The Children's Cancer Centre

Photo of Yumna sitting on hospital bed, looking to camera. Logo in upper left hand corner reads Build it. Beat it.

If you can help build it,

you can help beat childhood cancer.

Childhood and cancer. Two words that should never go together.

Every year, around 1,800 families in the UK are told their child has cancer.

And every week, around five children in the UK lose their lives to cancer. That’s five families who are faced with the worst news possible.

A child doesn’t have to die from cancer for it to take their life. It can take away their opportunities to learn, to play with their friends, to spend time outdoors.

It can take away their childhood.

That's why we're helping to build the Children's Cancer Centre.

Great Ormond Street Hospital (GOSH) cares for children with the hardest-to-treat cancers.

GOSH has a long history of pioneering breakthroughs in cancer care and treatment. But despite advances, cancer is still the biggest killer of children aged one to 14 in the UK.

There are extraordinary opportunities to improve the odds for children with cancer once and for all.

Together we can build it. Together we can help beat childhood cancer.

How we're improving the odds for children with cancer

With your support, we can help build a new, world-leading Children’s Cancer Centre at GOSH, drive transformation in children’s cancer care and save more lives. The Children’s Cancer Centre will offer:

  • A 20% increase in capacity, offering life-changing and life-saving care for more children

  • Digitally advanced inpatient wards that are tailored to children with cancer, allowing children to stay connected with their loved ones in a ‘home from home’ environment

  • Increased capacity for research studies for families faced with few treatment options, with the hope to develop kinder treatments with less long-term side effects

  • A new critical care unit with dedicated family breathing spaces and on-site accommodation, allowing families to stay together at the most challenging of times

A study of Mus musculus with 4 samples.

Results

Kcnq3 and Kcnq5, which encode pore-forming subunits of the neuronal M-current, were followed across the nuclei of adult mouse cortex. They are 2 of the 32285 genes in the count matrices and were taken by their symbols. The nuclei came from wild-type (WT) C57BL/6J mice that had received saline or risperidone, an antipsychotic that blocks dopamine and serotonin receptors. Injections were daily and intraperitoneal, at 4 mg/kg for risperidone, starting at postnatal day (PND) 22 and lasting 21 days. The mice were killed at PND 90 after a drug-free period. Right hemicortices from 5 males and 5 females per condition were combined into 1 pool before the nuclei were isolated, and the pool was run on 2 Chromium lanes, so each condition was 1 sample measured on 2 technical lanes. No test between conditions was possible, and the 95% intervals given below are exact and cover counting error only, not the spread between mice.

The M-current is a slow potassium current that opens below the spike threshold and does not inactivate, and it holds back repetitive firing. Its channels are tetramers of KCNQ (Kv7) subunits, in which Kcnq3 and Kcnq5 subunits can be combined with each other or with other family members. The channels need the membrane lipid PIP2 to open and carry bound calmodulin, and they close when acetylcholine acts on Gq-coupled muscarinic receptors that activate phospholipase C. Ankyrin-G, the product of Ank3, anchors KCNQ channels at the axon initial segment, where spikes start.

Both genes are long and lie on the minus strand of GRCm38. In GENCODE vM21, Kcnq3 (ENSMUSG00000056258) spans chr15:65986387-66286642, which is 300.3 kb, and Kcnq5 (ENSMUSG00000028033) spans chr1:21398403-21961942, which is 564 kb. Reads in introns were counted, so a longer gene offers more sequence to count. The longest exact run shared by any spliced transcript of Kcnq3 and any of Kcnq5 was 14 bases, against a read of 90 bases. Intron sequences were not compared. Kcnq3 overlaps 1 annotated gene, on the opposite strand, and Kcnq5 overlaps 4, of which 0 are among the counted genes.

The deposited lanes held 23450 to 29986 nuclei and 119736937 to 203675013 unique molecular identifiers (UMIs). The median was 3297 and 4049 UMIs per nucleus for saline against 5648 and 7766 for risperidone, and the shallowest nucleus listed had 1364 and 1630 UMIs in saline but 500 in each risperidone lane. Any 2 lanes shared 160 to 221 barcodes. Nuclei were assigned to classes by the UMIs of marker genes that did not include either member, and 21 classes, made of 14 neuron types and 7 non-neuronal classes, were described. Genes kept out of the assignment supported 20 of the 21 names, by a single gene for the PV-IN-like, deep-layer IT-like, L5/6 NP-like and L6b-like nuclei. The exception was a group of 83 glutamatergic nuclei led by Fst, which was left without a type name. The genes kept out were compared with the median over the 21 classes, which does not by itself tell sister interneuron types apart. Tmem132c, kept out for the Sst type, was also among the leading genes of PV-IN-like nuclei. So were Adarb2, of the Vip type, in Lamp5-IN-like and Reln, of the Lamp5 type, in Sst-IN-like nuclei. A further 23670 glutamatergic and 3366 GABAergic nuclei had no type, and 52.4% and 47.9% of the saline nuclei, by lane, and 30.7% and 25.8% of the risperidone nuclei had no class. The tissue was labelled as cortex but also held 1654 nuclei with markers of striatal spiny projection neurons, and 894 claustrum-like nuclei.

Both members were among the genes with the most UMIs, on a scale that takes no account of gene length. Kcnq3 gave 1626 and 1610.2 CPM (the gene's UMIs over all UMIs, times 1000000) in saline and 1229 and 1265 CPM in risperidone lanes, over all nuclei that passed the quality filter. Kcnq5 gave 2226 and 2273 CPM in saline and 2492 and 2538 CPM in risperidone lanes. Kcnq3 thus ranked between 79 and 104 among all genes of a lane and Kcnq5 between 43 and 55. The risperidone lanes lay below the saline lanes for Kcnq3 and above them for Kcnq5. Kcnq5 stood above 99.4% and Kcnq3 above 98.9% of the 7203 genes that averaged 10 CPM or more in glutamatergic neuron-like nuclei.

• An increased focus on nutrition, physical activity and wellbeing for children with cancer, supporting their recovery and improving outcomes

  • New imaging technology that better reveals what’s happening inside cancer cells and improves GOSH’s diagnostic capability

  • A new hospital school, with double the capacity, for students and an outdoor garden, ensuring that children do not lose out on their childhood

  • A sustainable environment with green spaces and a roof garden - helping to protect our planet for the future of all children

Photo of Ralphie and his mum

Meet some of the children that have been treated at GOSH

Ralphie (left) was diagnosed with a type of blood cancer called acute myeloid leukaemia (AML) at GOSH. Since then he’s been undergoing intense treatment at the hospital. Despite initially having a bad reaction to chemotherapy, today Ralphie is doing well.

His parents, Sophie and Luke, tell us more about Ralphie and their GOSH experience.

GOSH patient Arianna smiling and looking to the side.

Latest news and features

Read about the latest research breakthroughs in childhood cancer by GOSH researchers and others in the field of cancer.

Meet some of the young oncology patients at GOSH who have been part of this research. You'll hear about their experiences, including the care and treatment that they've received.

How can I help?

There are many ways to help us build the new Children's Cancer Centre. Here are some of the ways to get involved.


Your donation will go to support the vital cancer care services at GOSH, including the refurbishment of GOSH buildings, upgrading equipment, pioneering research, kinder treatments and offering vital welfare services to our families during their time at GOSH.

In the event that [costs change] [additional funds are received over and above our target] [the needs of the hospital or patients change], we reserve the right to redirect funds for use against the hospital’s most urgent needs.